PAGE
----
CFM is the world's largest jet engine maker by the number of units sold. It is the sole engine supplier for the Boeing 737 MAX and competes with Raytheon Technologies unit Pratt and Whitney for airline engine selections on the Airbus A320neo.

The technology demonstrator project comes as the industry prepares to battle over the next generation of single-aisle planes like the MAX and A320neo in the busiest part of the airplane market while facing mounting environmental pressure.

The open-rotor engine concept places previously hidden whirring parts on the outside of the engine to capture more air and reduce the burden on the engine's fuel-burning core.

Previous attempts since the 1980s to develop such engines have had to contend with concerns including noise.

Safran chief executive Olivier Andries said a prototype tested in 2017 had produced no more noise than the LEAP.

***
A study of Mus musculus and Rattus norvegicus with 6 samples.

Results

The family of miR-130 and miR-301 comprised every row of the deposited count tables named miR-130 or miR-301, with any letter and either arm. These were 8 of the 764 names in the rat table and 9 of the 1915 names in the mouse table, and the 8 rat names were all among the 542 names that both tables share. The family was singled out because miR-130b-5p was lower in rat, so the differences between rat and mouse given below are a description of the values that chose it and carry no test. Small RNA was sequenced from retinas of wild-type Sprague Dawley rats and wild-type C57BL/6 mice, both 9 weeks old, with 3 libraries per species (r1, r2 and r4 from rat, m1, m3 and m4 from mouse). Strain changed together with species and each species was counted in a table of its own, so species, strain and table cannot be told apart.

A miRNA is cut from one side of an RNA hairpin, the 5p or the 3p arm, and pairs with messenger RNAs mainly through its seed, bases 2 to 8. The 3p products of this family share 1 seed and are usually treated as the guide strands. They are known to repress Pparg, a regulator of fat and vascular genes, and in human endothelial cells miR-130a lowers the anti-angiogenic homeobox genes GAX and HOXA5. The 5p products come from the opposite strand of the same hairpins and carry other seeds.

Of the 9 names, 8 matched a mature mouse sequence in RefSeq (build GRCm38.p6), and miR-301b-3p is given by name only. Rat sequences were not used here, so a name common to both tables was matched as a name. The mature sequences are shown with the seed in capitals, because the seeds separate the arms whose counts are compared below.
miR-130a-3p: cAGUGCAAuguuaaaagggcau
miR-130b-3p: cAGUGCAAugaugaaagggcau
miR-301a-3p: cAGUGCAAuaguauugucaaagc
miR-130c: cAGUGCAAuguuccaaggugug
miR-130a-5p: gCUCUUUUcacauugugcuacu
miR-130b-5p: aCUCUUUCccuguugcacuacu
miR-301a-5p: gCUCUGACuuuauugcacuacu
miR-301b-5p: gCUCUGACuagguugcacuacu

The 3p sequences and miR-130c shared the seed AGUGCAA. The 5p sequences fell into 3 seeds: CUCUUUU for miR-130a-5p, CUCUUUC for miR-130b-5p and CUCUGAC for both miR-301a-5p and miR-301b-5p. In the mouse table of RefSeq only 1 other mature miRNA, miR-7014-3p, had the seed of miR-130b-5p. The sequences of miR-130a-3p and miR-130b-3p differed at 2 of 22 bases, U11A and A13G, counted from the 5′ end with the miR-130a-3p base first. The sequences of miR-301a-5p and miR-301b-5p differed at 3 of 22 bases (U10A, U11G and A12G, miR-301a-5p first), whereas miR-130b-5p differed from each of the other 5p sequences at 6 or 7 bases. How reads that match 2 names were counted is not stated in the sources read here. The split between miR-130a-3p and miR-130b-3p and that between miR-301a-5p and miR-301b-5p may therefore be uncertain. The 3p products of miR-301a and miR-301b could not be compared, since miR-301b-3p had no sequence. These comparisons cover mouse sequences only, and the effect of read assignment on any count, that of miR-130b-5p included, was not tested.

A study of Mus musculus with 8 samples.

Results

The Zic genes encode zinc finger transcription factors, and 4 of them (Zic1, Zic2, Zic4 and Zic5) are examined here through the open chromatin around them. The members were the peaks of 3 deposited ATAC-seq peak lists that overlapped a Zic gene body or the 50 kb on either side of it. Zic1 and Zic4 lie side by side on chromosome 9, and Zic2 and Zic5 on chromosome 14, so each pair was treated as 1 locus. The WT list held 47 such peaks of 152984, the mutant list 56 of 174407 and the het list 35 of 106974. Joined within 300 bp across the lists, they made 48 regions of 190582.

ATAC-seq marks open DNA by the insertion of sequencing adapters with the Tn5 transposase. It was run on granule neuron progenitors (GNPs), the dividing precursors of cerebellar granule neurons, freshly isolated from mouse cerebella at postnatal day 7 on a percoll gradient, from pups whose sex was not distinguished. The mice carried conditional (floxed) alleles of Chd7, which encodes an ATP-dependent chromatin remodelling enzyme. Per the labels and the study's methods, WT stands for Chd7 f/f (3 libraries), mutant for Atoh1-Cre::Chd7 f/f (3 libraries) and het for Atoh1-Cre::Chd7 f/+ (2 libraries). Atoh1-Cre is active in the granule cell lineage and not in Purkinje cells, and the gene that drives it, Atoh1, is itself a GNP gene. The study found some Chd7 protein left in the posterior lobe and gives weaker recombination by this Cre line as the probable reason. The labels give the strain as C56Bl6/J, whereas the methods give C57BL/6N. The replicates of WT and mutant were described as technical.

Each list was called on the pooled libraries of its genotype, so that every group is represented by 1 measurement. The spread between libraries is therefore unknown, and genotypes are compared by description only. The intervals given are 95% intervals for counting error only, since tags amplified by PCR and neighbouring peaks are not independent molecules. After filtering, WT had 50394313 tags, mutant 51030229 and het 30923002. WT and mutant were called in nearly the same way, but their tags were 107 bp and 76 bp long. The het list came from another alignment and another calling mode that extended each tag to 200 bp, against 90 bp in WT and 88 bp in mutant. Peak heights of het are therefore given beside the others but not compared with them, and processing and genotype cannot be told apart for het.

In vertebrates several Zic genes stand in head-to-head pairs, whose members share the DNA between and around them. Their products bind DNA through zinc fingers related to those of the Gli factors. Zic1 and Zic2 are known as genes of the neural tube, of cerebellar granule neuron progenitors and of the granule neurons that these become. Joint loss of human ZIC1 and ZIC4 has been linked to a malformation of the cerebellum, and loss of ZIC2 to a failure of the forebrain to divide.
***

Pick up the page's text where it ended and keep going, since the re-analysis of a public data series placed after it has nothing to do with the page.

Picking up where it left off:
Industry sources have said Boeing is considering launching a replacement for its slightly larger and long-range single-aisle 757 that could pave the way for a replacement of the MAX.

But it has deferred a decision on whether to move relatively quickly - a step that would require an available conventional engine - or wait for the arrival of technology like open-rotor with hybrid propulsion, Reuters reported recently.

GE Aviation chief executive John Slattery said CFM would be ready to compete for whatever jet might be launched and challenged other engine makers to compete with the technology.

"If Boeing or any air-framer launches a platform and the business case makes sense for us, then we will present our best aggregate technologies that we have at that moment in time," he told a news conference on Monday.

Boeing said it regularly conducted technology studies and collaborated with suppliers. It gave no fresh indication whether open-rotor technology could power its next jetliner.

Airbus, which says it is working on a zero-emission plane to enter service in 2035, said on Tuesday it welcomed the fact that the engine was expected to be ‘agnostic’ about the type of fuel.

"We await news of where Airbus and Boeing are headed," Jefferies analyst Sandy Morris said.

Safran shares rose 1.6 per cent early on Tuesday, buoyed also by signs of a truce in an aircraft trade war.